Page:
Democrats are unlikely to win a House majority in the midterm election, unless voters reach a breaking point with Republicans.
By Charlie Cook
July 15, 2013 | 6:07 p.m.

Recently a Democratic congressional leader cheerfully teased me about my decidedly pessimistic view of his party’s chances of regaining a House majority, saying, “Why can’t you just say, ‘Democrats can’t win a majority in the House, but Republicans can lose one.’ ”

From a mathematical standpoint, this Democrat’s formulation doesn’t change the odds, but the point was well taken. Democrats can do everything right during this 2014 election cycle, but they still don’t have much of a chance of capturing a majority due to the congressional district boundaries and recent voting patterns in Southern and border states in rural and small-town-dominated districts. However, if Republicans engage in enough self-destructive behavior of the type we’ve seen the past couple of years, voters might just reach a breaking point. Some in the Republican Party seem intent on seeing how far they can go in alienating as many female, young, minority, and self-described moderate voting blocs as possible, despite frequent warnings from party leaders and strategists to avoid that.

We in Washington are, as always, far more preoccupied with events and dynamics inside the proverbial Beltway, but the GOP must also be mindful of actions elsewhere, in state capitals for example, that can also affect their party’s brand in those states and across the country. Although the focus in recent weeks has been on successful pro-life efforts in the Texas Legislature, we are seeing many efforts in legislatures, particularly in the South, that are aimed at placating the base and conservative activists. News is not confined within states or congressional districts. High-profile actions in one state can be heard a thousand miles away and can jeopardize the party’s standing nationally among all of those who don’t call themselves conservative. Keep in mind that while conservatives outnumber liberals by about 10 points nationally—35 percent to 25 percent in last year’s exit polls—40 percent of voters call themselves moderates. Thus two out of three voters do not identify as conservative.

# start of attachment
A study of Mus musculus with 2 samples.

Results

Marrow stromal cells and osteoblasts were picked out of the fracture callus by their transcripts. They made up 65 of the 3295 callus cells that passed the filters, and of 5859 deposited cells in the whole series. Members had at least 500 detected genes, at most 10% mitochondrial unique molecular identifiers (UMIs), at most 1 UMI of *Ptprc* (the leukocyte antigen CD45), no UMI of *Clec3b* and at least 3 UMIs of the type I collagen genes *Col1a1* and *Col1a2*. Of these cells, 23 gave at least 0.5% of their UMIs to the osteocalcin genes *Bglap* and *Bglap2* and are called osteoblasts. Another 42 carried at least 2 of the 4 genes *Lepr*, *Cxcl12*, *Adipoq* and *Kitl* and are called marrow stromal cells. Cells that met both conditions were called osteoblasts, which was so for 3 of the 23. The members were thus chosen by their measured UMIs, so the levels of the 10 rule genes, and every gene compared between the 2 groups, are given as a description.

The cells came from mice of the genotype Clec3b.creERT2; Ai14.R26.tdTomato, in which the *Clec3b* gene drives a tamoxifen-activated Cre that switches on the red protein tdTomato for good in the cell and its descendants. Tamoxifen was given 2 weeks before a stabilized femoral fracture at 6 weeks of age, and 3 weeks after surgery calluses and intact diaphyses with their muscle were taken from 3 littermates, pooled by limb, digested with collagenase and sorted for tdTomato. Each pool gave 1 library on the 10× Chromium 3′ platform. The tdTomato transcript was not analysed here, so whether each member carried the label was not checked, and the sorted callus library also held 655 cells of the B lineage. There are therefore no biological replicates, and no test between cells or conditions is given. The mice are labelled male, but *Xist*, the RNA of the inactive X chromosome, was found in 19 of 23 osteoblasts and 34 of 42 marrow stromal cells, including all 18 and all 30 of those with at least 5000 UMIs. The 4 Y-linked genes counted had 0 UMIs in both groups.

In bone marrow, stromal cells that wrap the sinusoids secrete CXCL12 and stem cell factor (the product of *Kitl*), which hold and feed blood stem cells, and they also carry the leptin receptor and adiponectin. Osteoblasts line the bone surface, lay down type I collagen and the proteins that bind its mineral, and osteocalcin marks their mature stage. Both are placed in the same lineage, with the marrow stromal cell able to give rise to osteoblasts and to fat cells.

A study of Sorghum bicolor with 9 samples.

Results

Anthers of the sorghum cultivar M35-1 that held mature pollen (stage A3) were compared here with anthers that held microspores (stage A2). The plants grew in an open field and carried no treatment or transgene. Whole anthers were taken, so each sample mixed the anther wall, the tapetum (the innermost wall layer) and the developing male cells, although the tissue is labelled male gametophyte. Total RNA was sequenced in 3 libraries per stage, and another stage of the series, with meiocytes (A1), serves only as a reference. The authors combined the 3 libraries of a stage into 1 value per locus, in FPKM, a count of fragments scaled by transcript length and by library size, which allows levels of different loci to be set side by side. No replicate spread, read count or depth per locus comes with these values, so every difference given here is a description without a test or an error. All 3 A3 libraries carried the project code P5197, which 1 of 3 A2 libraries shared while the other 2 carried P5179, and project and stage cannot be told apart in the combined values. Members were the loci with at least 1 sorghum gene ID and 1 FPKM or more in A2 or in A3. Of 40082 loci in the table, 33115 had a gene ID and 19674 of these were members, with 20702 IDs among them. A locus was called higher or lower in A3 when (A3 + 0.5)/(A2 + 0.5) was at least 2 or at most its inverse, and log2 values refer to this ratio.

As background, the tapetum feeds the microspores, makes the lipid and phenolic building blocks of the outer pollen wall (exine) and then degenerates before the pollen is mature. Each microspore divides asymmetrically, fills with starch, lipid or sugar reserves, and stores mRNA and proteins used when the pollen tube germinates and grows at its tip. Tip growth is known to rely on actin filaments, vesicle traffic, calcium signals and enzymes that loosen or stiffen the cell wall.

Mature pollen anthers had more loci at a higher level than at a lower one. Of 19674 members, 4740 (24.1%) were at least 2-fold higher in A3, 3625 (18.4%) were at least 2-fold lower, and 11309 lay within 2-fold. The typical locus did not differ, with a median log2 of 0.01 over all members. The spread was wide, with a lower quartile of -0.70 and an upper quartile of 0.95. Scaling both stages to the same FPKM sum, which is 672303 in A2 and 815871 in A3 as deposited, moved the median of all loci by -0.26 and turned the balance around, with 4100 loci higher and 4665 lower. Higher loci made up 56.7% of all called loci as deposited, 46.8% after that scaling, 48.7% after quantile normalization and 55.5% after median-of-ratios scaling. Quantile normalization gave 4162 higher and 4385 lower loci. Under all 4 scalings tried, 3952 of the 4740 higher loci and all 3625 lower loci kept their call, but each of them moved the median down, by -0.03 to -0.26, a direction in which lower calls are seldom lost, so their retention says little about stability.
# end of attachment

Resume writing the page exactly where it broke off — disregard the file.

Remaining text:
The biggest political development of the weekend was former Democratic Gov. Brian Schweitzer’s decision not to run for the open Senate seat in Montana, where Democrat Max Baucus is retiring. Schweitzer was considered a strong favorite to win and hold the seat in this decidedly red state. A Democratic victory in Montana would now be counted as a real upset. No doubt Democrats will find a candidate, but none will be as strong as Schweitzer.